This paper examines a network approach to leadership that creates transparency around institutional financial data using business model analysis. The network approach shifts shared governance from an emphasis on institutional dialogue and coherence towards institutional performance based on agreed upon metrics by empowering those on the front lines to make data-informed decisions that improve institutional practices aligned with performance outcomes.
As tuition levels rise, there are growing calls for fiscal responsibility and expectations that colleges and universities will use data to drive financial decisions and to tie expenditures to student outcomes. Many institutions, however, lack tools necessary to forge those connections and are forced to make financial decisions in the dark.
The paper supports the notion that financial decision making is best guided through business model approaches that prioritize data transparency, thus providing stakeholders visibility into the connections between expenses, revenues, and education outcomes. This level of transparency enables the exploration of the return on investment of cross subsidies across academic programs. In turn, this level of transparency requires an improved understanding of costs at the program and course levels, which will allow for data-driven program and course delivery.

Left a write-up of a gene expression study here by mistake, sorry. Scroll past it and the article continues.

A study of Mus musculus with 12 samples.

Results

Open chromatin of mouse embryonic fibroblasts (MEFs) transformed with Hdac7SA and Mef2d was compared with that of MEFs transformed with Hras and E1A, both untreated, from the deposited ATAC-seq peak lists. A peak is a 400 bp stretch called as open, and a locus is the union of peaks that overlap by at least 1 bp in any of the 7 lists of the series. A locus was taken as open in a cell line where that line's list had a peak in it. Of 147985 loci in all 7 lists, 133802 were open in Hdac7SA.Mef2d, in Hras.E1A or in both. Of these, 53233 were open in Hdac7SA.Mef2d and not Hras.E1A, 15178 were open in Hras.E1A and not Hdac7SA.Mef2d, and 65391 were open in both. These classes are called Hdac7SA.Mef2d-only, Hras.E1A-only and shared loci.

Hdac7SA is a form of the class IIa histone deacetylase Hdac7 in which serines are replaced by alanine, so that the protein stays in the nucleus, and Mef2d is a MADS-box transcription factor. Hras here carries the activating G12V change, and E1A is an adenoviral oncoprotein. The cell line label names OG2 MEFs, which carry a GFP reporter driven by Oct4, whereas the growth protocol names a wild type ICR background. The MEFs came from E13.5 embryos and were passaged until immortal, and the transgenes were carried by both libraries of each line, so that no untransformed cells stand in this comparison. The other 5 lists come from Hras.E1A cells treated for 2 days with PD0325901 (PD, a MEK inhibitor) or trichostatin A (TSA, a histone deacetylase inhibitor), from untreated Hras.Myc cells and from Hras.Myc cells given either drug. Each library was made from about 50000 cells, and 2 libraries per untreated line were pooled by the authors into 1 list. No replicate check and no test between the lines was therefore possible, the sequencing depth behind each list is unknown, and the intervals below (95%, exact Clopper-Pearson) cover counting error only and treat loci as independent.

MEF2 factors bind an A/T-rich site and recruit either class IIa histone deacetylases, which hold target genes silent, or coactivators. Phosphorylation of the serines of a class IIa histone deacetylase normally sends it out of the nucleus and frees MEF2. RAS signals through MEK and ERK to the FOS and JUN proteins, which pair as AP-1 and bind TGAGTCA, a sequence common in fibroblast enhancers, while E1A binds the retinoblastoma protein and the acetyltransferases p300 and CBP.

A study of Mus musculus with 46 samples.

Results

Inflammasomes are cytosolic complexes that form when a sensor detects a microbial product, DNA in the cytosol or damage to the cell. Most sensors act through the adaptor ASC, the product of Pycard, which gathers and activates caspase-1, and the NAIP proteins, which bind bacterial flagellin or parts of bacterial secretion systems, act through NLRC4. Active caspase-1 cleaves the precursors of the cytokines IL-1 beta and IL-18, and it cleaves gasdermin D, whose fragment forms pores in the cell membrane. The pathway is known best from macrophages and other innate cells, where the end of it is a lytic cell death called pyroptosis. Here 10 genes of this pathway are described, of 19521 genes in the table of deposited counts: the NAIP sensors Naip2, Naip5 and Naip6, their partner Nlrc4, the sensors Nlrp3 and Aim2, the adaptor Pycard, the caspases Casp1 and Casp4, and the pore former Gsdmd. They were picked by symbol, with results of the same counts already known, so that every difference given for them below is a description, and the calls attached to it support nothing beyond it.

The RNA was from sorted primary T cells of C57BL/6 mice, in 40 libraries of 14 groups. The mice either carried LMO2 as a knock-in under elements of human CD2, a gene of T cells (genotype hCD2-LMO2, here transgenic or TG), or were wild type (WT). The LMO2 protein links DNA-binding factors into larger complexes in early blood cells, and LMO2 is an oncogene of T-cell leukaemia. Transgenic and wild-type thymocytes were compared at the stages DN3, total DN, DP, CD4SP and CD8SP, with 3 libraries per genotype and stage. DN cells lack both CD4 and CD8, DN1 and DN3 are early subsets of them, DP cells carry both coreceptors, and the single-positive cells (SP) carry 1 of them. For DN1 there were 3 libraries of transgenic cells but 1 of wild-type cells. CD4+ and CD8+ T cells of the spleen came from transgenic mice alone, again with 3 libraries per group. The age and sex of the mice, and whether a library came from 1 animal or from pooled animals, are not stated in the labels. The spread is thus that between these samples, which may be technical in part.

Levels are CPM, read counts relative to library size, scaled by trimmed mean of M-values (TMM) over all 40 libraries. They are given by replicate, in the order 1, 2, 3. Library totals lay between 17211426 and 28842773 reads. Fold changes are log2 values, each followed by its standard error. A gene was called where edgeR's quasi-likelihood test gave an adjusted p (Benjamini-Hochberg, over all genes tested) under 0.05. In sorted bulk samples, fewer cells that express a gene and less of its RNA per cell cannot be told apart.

As the higher education landscape continues to evolve, higher education leaders should continuously work to embed data-informed decision capabilities at all network levels, promote collaborative approaches to established performance outcomes, and utilize technologies that incorporate financial and outcomes data.
This report and its three accompanying appendix papers on financial data and change in higher education are funded by the TIAA Institute and were inspired, in part, by proceedings from a September 2015 ACE/TIAA Institute convening of college and university presidents, provosts, and chief financial officers who explored ways to improve the decision-making models pertaining to finance and innovation in higher education.